A political vacuum and a culture of centralisation are impeding reform of the health and care system in Northern Ireland, a new report from the independent think-tank the Nuffield Trust finds today.
Three years after Rafael Bengoa’s blueprint for improving the country’s health service, the report argues that although leaders in the service are committed to change, a lack of political leadership is blocking progress. It is also obstructing efforts to improve poor waiting times, on which Northern Ireland is already significantly the worst performer in the UK.
The report, Change or collapse: Lessons from the drive to reform health and social care in Northern Ireland, looks at which factors are helping or hindering change, and is based on interviews with health service leaders in Northern Ireland as well as outside experts and clinicians. It acknowledges that although the civil service is doing its best to provide leadership in difficult times, the collapse of power-sharing is exacerbating already chronic problems in taking difficult decisions.
It nonetheless reports a culture of centralisation and tight command and control at the heart of the health system, with both interviewees and academic literature suggesting such a top-down approach is not the way to make complicated reforms happen. Alongside the political unwillingness to take difficult decisions, it has created a bunker mentality discouraging openness about where the problems are.
A lack of ambition is also getting in the way of tackling waiting times. The report finds that a patient in Northern Ireland is nearly 50 times as likely to be waiting over a year for care than one in Wales, which is the next worst performer. It also argues that Northern Ireland is lagging behind on social care, despite being the only area of the UK with an integrated social care system. It is the only UK country to have not refined legislation underpinning social care in recent years.
The report also finds that historical failings in workforce planning for the health service in Northern Ireland are still prevalent, resulting in a shortage of important staff groups and a costly reliance on temporary workers. This is proving to be another significant stumbling block to achieving successful reform.
The report also provides lessons and possible warnings for other countries in the UK. With recent policies in England and Scotland emphasising clinical outcomes and preventive care over rapid access to services, the situation in Northern Ireland shows how bad waiting times can get in an NHS system if focus is lost.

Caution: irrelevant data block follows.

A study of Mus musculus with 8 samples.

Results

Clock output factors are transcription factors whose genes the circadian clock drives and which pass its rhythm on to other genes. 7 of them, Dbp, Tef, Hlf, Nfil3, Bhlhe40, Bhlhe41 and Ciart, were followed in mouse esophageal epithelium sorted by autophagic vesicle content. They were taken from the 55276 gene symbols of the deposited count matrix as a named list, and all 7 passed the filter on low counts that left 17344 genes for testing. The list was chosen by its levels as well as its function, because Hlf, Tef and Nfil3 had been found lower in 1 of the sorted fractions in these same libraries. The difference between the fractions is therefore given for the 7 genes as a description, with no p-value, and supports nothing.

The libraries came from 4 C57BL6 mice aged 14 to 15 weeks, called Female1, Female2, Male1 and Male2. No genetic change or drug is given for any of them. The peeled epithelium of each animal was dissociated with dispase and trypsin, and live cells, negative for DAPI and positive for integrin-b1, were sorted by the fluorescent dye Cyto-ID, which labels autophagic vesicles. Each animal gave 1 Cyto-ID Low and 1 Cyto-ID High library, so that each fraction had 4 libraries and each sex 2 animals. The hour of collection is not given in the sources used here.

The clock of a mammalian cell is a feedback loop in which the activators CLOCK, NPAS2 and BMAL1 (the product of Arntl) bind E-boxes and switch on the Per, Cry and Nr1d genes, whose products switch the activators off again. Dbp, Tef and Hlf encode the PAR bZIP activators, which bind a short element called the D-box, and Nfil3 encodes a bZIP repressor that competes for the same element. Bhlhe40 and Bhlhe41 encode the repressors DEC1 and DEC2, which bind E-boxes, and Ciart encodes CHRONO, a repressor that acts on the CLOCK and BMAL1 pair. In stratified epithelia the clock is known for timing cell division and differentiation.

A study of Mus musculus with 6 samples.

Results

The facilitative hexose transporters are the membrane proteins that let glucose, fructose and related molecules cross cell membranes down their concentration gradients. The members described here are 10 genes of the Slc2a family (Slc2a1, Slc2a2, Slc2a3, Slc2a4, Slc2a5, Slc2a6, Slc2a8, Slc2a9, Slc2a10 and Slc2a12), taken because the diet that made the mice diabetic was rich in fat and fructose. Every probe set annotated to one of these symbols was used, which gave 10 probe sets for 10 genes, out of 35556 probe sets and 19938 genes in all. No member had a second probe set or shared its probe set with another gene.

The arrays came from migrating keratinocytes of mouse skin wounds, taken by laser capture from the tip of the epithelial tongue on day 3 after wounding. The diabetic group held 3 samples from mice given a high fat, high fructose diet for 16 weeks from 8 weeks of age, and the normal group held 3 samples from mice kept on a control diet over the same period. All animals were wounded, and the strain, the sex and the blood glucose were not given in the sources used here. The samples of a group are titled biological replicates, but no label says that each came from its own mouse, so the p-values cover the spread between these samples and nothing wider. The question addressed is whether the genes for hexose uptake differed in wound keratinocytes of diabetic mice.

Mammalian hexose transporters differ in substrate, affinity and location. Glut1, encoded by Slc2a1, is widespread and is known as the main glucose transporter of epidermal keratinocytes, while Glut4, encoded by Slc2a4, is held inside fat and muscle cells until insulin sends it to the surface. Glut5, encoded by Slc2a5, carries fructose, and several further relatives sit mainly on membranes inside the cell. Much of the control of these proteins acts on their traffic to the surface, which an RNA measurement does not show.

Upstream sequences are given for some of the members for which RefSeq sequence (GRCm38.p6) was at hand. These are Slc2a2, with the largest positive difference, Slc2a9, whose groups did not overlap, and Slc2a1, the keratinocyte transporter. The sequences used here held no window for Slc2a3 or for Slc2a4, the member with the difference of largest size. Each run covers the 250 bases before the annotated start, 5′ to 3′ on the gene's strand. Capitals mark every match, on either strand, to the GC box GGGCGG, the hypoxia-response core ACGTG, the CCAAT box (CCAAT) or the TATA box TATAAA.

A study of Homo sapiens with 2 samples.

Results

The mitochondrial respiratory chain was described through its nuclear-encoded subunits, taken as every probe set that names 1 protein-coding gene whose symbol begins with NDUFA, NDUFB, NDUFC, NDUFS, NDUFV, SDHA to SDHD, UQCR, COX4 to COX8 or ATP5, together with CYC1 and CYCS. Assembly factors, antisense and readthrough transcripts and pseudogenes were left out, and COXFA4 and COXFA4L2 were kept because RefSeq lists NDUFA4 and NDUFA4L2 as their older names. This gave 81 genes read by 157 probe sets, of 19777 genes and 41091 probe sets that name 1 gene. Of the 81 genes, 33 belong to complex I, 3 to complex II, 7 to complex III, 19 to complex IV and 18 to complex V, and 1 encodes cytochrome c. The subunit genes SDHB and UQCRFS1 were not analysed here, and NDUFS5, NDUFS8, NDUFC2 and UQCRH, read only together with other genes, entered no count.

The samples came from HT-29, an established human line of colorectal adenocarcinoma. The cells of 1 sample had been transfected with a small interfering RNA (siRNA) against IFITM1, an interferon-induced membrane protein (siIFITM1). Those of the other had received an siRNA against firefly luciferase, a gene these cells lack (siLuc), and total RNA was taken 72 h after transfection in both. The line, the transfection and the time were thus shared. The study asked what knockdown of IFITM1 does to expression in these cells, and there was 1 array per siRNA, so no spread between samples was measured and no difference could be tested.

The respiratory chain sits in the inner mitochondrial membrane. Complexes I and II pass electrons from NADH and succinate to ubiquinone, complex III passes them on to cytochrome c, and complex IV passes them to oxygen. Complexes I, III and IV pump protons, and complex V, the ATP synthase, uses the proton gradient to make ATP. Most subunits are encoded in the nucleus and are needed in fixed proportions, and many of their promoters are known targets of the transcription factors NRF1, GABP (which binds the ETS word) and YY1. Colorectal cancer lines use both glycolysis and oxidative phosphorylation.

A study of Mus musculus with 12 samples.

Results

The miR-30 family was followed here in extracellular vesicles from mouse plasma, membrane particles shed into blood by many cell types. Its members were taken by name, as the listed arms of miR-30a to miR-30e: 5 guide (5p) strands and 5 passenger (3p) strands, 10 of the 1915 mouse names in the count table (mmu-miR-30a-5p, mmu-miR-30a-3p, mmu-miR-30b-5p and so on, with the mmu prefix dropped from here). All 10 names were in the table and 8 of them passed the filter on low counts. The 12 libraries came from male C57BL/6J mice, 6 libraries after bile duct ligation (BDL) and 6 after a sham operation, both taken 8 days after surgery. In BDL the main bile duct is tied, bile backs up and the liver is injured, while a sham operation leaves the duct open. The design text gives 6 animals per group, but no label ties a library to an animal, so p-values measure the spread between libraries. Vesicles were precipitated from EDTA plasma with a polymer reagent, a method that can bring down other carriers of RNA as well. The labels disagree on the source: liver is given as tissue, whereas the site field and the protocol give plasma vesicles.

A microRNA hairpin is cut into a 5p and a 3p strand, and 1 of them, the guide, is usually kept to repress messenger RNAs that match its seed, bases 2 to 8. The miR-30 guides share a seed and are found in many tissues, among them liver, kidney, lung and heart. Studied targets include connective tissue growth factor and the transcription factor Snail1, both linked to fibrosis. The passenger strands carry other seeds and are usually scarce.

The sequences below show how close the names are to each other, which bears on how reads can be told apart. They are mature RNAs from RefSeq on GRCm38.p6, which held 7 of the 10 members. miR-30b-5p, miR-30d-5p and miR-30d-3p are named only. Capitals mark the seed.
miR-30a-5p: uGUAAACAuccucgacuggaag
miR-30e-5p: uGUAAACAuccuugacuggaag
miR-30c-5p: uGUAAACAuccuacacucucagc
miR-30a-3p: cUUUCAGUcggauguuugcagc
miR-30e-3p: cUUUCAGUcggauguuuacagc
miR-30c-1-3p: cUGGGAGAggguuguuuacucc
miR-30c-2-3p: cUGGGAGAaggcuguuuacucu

Report co-author Mark Dayan, Policy Analyst at the Nuffield Trust, said:
“There’s no doubt that the people we spoke to, from staff at the front line to top officials, were often genuinely committed to changing to a health service that does a better job keeping people well. But this is colliding with a centralised culture that is exactly what you don’t need for a process of experimentation and working out new ideas. To keep on pushing from the top risks making things worse.
“Meanwhile the lack of political leadership makes difficult decisions hard to defend either morally or legally. We’re used to hearing Scottish and English healthcare leaders complaining about politics interfering in the NHS. But without elected leaders, it turns out things grind to a halt because officials don’t have the legitimacy to make tough calls.”
Report co-author Professor Deirdre Heenan, Senior Associate of the Nuffield Trust, said:
“The spiralling waiting lists in Northern Ireland represent a major breach of public trust in the NHS. Longer waiting times can be deeply distressing for patients and their families and make no economic sense.
“The equivalent of one person in five is on a waiting list in Northern Ireland, with more than 120,000 people waiting over a year for treatment. A citizen of Northern Ireland is more than 3,000 times as likely as a citizen of England to have been waiting more than a year for healthcare. How bad does it have to get before urgent action is taken?”
Notes to editors
- The Nuffield Trust held an event in Belfast in 2018 in which attendees explored four themes – politics, leadership, workforce and innovations at the front line. A series of interviews was then conducted through the course of 2018 with leaders within the system, outside experts and clinicians. Quantitative analysis around finance, workforce and waiting times was separately carried out.
- The report is the second in a Nuffield Trust series looking at what UK health systems can learn from one another, following Learning from Scotland’s NHS in 2017.